New CDC Guidelines Ease Masking Requirements

February 25, 2022

New COVID-19 safety guidelines issued by the U.S. Centers for Disease Control and Prevention (CDC) today loosened recommendations for when and where Americans should wear masks to prevent the spread of the coronavirus, allowing most people to go without them in public indoor spaces.

Previous CDC guidelines recommended that anyone living in areas with substantial or high transmission of the coronavirus, as defined by case counts, should wear masks in public indoor spaces. The new guidelines will still consider caseloads, but also factor in two other pieces of data in a community: new COVID-19 hospitalizations and local hospital capacity. Under these new guidelines, most Americans no longer live in areas where the CDC recommends indoor masking.

Currently, more than 70% of the US population is in a location with low or medium COVID-19 community levels. For those areas, there is no recommendation for indoor masking unless you are at potential “increased risk” for COVID-19. If so, the CDC recommend talking to your health care provider about wearing a mask.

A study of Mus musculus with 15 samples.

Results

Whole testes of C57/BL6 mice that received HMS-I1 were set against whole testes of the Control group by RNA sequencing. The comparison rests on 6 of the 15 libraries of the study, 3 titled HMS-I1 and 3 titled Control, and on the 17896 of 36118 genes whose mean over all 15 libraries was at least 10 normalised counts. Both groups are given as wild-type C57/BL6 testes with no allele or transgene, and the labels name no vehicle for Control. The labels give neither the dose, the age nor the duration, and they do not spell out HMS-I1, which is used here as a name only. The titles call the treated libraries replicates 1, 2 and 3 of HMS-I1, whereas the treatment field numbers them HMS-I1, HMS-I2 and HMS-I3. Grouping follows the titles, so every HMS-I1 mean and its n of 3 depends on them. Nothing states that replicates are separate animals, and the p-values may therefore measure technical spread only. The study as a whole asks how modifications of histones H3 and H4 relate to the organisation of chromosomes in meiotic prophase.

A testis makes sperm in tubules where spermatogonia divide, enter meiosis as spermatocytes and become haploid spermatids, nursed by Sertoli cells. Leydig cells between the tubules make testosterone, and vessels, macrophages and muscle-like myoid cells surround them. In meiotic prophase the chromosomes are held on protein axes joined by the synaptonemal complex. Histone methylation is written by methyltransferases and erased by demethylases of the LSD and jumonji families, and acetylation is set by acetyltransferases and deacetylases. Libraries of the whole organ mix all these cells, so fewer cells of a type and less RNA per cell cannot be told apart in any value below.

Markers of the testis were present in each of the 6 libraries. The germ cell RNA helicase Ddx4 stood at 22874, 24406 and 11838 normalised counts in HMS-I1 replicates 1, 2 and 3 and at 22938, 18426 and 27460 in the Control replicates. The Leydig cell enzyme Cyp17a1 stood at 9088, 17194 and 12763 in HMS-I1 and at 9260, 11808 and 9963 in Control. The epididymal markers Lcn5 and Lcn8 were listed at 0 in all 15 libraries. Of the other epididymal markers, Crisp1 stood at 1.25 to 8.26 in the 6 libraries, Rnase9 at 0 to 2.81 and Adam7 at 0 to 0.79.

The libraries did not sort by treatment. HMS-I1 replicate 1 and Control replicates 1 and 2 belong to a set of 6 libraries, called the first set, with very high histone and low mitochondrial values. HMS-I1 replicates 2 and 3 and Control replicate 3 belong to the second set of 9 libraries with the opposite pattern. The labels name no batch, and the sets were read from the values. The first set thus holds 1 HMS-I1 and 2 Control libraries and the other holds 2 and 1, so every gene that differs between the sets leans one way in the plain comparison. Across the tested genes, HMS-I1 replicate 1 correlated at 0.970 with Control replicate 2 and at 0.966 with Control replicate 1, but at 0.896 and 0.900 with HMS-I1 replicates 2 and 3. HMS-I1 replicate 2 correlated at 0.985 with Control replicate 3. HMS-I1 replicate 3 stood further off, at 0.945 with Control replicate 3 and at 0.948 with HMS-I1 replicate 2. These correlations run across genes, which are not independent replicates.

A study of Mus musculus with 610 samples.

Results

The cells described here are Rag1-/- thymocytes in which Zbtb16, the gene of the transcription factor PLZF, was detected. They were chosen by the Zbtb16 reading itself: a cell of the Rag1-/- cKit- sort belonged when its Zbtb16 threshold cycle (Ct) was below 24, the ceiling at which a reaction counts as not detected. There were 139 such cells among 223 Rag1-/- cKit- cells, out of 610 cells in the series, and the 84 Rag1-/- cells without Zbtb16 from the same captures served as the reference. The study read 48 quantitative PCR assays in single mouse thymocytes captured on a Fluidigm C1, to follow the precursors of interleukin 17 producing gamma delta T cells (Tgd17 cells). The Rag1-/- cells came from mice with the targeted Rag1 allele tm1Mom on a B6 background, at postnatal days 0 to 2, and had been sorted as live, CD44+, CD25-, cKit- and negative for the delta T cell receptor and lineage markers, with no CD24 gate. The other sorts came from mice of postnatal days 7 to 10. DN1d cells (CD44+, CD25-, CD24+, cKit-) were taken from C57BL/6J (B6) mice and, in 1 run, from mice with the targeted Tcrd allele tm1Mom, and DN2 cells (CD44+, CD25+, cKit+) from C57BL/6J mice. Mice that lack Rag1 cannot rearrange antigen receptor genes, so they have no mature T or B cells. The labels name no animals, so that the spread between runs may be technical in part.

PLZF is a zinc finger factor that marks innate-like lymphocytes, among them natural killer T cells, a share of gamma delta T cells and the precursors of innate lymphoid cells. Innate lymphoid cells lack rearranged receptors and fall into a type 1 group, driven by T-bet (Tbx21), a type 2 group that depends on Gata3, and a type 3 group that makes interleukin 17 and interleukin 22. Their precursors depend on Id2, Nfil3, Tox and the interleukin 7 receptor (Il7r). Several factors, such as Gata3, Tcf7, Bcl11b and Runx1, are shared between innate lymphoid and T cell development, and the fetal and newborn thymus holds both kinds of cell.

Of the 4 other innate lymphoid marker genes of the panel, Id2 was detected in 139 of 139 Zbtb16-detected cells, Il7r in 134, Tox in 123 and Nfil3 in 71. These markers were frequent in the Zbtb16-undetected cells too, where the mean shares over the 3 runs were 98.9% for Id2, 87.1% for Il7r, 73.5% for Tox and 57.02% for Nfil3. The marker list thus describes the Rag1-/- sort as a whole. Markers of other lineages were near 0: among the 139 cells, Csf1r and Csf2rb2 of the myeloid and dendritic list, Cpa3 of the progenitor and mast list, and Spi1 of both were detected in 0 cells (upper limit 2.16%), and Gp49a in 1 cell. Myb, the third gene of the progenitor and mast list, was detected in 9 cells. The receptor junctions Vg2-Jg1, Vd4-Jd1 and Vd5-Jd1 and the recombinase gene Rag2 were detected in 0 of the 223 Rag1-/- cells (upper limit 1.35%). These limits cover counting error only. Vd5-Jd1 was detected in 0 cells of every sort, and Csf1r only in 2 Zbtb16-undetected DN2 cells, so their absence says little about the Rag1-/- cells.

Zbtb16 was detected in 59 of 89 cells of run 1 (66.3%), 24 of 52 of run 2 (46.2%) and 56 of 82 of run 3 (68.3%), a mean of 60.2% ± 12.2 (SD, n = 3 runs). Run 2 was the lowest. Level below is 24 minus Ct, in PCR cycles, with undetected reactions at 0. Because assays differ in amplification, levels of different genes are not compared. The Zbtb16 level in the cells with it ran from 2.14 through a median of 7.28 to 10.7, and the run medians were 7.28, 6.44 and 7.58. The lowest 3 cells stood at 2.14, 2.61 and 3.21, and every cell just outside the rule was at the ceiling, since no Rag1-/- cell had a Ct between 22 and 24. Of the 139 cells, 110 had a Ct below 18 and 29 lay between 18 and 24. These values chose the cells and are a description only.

At all caseload levels, the CDC recommends people get vaccinated and boosted, and get tested if they have symptoms.

Most states have already eased rules for mask-wearing in public areas, including schools. Others are preparing to end indoor mask mandates in the coming weeks. An official recommendation from the CDC may influence some areas that have been more cautious.

Many businesses have shifted to requiring only proof of vaccinations. But masks are still required in federal buildings and on public transportation, including airplanes.